Friday, June 17, 2016

Baseball as life

Going to get all baseball-centric here for a minute, and even if you don't care for the greatest game ever invented, you probably understand that baseball is a perfect metaphor for life.  Just look at how many baseball terms wound up in our everyday lexicon:

  • out in left field
  • pinch hitter
  • rain check
  • hit it out of the park
  • warming up in the bullpen
  • throwing up in the bullpen
OK, that last one, maybe not.  

But today I am thinking of a ballplayer named Carl Crawford, recently released by the Los Angeles Dodgers of Los Angeles (in case anyone confuses them with the Los Angeles Angels of Anaheim.) Crawford came up with the Tampa Bay (Devil) Rays and went on to the Boston Red Sox before signing a huge contract with the Dodgers.

He will be on any list of All Time Underachieving Ballplayers for his generally lackadaisical efforts on the diamond, and now I'm reading that he has been involved with a woman who once was married to Chad "Ocho Cinco" Johnson, former football player, and they say that she will probably drive off with most if not all of his money as she leaves him for the next payday. 

So as he sits around in the future, looking back over the glory days, he might recall the night of September 28, 2011, when he stood out in left field as a member of the Red Sox.  And I don't mean that he stood out by dint of his excellent play; I mean that he more or less stood around out there, displaying all the agility and effort of a statue.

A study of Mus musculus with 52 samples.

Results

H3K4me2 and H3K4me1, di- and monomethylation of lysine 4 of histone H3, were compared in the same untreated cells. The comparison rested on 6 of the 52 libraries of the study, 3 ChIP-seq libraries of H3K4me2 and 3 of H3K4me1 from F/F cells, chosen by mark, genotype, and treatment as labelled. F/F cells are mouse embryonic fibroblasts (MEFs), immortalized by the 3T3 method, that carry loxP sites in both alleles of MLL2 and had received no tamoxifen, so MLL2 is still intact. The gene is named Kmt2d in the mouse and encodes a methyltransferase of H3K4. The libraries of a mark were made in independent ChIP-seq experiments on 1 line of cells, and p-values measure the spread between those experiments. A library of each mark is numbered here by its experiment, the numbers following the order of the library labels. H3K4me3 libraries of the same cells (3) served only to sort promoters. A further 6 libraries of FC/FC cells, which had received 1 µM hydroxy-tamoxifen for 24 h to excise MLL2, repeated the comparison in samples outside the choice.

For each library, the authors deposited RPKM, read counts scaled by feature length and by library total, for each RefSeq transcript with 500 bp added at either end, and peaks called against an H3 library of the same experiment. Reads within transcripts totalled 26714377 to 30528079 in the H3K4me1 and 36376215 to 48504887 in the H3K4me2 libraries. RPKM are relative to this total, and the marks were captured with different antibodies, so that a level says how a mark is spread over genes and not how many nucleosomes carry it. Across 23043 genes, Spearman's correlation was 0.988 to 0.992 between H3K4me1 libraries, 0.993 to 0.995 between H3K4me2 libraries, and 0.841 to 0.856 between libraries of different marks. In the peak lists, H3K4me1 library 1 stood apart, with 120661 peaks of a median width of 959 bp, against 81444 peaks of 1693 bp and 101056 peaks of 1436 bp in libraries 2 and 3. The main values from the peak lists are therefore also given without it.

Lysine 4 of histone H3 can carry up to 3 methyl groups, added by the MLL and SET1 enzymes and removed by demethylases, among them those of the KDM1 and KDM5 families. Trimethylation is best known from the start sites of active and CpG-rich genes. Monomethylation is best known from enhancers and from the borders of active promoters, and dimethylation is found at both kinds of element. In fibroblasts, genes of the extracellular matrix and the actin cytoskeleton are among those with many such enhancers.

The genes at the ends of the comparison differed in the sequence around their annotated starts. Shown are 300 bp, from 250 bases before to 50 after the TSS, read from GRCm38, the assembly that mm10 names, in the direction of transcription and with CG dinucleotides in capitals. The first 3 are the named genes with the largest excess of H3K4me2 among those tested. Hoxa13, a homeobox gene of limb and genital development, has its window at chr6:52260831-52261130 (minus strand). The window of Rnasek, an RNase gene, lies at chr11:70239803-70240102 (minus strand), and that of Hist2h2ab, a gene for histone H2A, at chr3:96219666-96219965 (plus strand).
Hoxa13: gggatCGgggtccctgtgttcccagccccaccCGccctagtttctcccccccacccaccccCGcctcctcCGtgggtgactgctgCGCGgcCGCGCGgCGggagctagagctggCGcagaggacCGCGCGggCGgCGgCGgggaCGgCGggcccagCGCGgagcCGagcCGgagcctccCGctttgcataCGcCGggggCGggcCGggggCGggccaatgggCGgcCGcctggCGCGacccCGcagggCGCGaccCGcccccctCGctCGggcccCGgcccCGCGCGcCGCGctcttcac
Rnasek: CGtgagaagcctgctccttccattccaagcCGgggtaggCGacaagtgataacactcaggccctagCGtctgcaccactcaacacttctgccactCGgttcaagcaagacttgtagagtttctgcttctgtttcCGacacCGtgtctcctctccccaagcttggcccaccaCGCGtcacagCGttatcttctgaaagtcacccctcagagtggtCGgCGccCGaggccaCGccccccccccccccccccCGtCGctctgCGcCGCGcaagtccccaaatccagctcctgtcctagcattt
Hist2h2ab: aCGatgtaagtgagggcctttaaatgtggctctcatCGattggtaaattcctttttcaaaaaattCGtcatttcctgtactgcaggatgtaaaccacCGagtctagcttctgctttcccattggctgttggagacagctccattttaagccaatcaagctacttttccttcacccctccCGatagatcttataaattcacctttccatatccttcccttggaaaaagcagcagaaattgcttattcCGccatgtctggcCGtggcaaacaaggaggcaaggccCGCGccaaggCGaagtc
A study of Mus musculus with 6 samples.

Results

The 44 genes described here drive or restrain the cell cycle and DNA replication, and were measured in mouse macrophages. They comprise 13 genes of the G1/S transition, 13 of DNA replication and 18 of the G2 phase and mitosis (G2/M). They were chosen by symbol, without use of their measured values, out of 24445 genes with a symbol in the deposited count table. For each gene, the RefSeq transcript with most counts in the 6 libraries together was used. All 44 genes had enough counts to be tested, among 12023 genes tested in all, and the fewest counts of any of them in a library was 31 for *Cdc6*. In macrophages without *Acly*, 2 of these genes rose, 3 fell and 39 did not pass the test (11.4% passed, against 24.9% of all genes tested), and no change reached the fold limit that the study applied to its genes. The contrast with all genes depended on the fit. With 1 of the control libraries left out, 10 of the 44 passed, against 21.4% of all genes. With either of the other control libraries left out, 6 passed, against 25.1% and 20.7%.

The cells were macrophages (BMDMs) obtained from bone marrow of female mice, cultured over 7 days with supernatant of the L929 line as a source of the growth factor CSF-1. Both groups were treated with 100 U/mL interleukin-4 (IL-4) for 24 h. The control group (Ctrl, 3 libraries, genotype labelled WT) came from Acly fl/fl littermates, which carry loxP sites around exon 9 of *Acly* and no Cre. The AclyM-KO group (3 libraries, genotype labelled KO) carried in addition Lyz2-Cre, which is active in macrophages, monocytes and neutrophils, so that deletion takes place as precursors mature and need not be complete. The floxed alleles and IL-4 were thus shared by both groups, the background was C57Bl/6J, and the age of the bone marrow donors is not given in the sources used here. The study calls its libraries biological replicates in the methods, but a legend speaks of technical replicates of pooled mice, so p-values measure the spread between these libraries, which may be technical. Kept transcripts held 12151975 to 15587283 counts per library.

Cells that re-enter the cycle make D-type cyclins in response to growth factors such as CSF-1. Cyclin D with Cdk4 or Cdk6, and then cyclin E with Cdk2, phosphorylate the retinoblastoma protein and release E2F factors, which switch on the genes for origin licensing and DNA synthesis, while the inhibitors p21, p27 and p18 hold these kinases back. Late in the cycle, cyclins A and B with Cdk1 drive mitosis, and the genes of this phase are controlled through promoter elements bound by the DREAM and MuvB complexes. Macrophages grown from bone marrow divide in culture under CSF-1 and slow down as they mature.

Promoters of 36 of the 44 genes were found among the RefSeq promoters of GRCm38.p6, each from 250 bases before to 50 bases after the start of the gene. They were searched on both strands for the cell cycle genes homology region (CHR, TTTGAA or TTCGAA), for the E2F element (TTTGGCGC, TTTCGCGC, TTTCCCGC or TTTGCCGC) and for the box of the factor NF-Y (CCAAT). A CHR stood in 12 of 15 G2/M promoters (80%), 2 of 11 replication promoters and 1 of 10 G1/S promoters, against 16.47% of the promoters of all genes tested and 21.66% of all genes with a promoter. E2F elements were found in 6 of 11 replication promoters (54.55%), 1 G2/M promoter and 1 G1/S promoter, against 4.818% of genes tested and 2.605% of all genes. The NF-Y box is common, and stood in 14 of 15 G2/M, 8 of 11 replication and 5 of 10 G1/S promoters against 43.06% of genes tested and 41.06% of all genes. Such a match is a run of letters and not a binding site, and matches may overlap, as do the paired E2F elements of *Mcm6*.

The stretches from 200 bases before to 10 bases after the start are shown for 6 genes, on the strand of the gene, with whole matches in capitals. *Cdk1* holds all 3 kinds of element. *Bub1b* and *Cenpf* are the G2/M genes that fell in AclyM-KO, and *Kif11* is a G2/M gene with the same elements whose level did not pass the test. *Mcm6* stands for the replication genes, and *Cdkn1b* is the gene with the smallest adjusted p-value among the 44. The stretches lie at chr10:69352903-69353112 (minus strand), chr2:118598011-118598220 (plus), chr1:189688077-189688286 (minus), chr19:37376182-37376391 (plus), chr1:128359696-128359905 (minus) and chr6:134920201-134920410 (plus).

In those days, the Orioles were a pretty awful team, populated by once-but-not-anymore greats like Vladimir Guerrero and never-greats like Kyle Hudson and Willie Eyre.  But the base of the now-great team was already forming, with Jones, Weiters, Davis and Hardy on the field in orange and black.  

That was the last game of the season, and it would have been easy for the O's, in fifth place out of five teams in their division, to pack it in early and wait for next year.  But they went into the ninth inning losing 3-2, tied the game on a double by Nolan Reimold and won the game when Robert Andino, a little-known utility player, drove Reimold home with a hit that Crawford didn't quite try hard enough to catch.  I still love seeing the videos of that night because the final game of the 2011 season carried over into the 2012 season, and that's when the Orioles started winning.

Robert Andino.jpg
Robt. Andino
You see, as the Orioles were playing the Red Sox in Baltimore, the Tampa Bay Rays, who had let Crawford go seek his fortune in Beantown, were playing the Yankees in Florida and were losing by 7-0 in the eighth inning. The Sox and the Rays were the last two teams in contention for the wild card spot in the playoffs, and all the Red Sox had to do was beat the Orioles, or hope the Rays lost, to get in. The Rays came back from being seven runs behind to win their game, and, as we have seen, the Red Sox lost, and this is why the Rays went on to the playoffs and the Red Sox went home to sulk.

Those who believe in jinxes and hexes call it The Curse of The Bambino that the Red Sox traded Babe Ruth to the Yankees and therefore did not win the World Series for dozens of years. Knocking them out in 2011 is still known as The Curse of The Andino around here, and even though Robert is not currently a major-leaguer, he would still get a standing ovation if he showed up here in Baltimore.